Autism + Social Media


As you may know, April is Autism Awareness Month. Since someone very dear to me was diagnosed with mild autism, I’ve done a lot of reading, watching, listening, and contemplating about what autism is, and how it is identified. One of the main characteristics of almost everyone on the spectrum is difficulty communicating with others. Common struggles include writing (holding a pencil can be a challenge), being able to process and respond to conversational cues in a timely way, reading non-verbal cues, and maintaining eye contact.

 

It occurred to me that much of the social media we use gets around these stumbling blocks. We use keyboards instead of pencils, can take our time responding to others in virtual “conversations,” don’t need to read non-verbal cues (unless emoticons count!), and with the majority of venues, don’t have any eye contact to worry about. (Do you ever really look someone in the eye on Skype?) Our social media is, …well… a little autistic.

 

The Project…

Starting April, 2014, I began a series of artworks that examine the autistic-like characteristics of popular social media. The first series involves the lack of eye contact inherent in many social media venues.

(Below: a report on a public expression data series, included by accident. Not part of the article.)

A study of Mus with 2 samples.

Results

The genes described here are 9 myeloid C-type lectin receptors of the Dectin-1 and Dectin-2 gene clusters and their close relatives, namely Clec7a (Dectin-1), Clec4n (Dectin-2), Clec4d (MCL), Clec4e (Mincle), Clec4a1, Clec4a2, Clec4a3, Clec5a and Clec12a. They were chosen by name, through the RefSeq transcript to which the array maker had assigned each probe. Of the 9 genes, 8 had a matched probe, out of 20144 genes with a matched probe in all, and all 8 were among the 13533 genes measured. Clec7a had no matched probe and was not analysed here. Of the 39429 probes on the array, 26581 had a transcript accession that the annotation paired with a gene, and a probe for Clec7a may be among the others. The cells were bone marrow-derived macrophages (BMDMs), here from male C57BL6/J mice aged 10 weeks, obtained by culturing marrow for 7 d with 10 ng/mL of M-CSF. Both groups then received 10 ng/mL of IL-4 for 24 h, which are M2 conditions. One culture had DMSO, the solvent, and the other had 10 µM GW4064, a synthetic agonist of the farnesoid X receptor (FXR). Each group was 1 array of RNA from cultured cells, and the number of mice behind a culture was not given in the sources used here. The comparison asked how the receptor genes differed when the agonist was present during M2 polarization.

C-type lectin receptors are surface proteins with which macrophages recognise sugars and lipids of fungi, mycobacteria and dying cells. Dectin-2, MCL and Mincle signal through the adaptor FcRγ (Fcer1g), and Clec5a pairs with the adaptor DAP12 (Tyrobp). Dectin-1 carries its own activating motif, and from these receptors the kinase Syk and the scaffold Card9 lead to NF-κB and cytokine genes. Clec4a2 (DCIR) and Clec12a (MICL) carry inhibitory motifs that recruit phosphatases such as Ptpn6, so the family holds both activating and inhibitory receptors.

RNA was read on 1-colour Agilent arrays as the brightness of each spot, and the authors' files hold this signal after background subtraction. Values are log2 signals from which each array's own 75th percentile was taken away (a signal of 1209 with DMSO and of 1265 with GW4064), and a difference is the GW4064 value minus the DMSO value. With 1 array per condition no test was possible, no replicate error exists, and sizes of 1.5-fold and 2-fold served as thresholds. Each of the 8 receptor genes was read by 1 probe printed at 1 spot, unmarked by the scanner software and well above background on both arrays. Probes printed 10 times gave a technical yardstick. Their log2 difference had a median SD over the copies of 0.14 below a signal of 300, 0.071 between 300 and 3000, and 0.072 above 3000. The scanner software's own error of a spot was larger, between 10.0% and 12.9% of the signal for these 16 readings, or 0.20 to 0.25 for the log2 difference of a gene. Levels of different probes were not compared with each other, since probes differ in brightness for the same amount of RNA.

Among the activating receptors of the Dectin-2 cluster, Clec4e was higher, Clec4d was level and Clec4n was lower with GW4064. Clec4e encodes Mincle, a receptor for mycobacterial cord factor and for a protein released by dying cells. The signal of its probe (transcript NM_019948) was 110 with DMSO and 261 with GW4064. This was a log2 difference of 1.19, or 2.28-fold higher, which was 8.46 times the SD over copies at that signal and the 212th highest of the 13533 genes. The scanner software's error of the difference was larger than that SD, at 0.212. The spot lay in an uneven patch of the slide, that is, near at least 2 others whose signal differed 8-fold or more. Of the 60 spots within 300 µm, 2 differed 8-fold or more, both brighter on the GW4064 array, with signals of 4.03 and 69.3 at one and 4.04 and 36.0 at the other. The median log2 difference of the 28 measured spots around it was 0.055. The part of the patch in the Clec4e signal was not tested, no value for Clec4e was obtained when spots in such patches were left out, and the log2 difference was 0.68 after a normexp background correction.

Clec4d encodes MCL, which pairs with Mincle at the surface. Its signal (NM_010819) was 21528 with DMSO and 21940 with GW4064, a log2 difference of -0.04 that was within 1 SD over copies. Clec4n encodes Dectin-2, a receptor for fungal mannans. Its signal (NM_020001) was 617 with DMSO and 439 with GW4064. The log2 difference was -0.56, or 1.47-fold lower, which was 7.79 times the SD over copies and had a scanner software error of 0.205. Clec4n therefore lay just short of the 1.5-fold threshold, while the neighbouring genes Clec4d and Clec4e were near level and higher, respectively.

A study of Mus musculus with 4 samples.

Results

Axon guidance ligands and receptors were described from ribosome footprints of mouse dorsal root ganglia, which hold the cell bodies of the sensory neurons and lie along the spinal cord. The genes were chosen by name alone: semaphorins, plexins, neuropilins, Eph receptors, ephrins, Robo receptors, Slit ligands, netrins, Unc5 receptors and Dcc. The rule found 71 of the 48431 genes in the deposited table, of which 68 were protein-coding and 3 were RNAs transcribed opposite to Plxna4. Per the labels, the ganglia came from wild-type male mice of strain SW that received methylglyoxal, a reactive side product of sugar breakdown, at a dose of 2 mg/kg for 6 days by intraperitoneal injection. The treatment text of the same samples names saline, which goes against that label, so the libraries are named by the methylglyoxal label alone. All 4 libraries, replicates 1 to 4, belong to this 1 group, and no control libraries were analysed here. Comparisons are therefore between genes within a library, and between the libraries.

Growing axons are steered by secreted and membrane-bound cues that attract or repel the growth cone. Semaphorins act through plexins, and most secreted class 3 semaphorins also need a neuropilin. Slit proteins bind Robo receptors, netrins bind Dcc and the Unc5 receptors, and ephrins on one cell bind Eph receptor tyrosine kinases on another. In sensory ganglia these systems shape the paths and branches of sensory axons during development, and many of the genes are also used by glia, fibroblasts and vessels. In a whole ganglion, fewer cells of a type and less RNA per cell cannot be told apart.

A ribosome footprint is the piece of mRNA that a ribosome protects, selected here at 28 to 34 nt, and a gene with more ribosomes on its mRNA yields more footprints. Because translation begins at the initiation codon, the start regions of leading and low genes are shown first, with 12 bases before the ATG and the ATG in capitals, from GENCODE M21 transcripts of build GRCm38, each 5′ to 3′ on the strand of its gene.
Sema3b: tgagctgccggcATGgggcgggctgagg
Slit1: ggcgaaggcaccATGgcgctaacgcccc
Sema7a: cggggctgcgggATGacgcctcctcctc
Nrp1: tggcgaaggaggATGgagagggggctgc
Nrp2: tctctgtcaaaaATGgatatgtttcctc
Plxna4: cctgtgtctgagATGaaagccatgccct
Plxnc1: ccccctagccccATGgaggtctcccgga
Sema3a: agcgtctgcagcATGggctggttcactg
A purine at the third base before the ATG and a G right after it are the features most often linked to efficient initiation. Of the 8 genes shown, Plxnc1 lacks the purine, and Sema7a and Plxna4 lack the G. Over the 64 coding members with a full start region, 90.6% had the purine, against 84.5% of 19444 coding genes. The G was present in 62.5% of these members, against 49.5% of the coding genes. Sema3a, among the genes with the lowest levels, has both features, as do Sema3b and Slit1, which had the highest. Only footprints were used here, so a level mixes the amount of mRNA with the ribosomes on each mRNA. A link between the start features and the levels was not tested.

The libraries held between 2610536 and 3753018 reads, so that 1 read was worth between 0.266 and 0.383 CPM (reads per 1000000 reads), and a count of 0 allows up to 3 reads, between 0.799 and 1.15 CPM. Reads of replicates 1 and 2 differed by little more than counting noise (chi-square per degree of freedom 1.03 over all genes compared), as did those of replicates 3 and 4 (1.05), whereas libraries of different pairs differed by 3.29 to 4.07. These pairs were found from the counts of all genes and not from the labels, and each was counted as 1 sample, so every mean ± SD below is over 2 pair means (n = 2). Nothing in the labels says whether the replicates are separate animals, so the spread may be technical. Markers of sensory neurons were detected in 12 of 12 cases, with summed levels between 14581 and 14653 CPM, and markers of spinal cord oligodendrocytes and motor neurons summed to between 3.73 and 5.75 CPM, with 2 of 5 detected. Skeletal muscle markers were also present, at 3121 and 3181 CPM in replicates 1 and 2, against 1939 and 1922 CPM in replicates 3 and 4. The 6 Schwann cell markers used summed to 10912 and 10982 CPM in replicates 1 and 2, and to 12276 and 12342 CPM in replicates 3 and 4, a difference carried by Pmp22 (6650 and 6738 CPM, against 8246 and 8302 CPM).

The Collaboration…

A key element of this project is that source material be gathered through social media. I requested that Facebook friends and website browsers send me digital photos of themselves. I manipulated these slightly, cropping to use just the eyes as a basis for the work.

(To see the latest work from this project, see “New Work.”)

 

example

example

cropped image

cropped image

 

 

 

preliminary sketch

preliminary sketch

 

 

 

 

A BIG thank you to all who participated!!!

Deadline for submissions:

Eye Contact Series (working title)       Wednesday, April 9th (passed)

 

Check out my progress and let me know what you think by following my blog.

 

Fine Print Regarding Photo Submissions…

Once you send your photo, you give me permission to use it to create an original work of art as I have described. You are volunteering to collaborate with the project as a subject, and have my deepest thanks! I may not be able to use your photo if I receive too many, or it doesn’t meet the criteria (such as being blurry). You do not have part ownership of the finished work, but I will do my best to keep you informed of my progress and will post photos of finished pieces.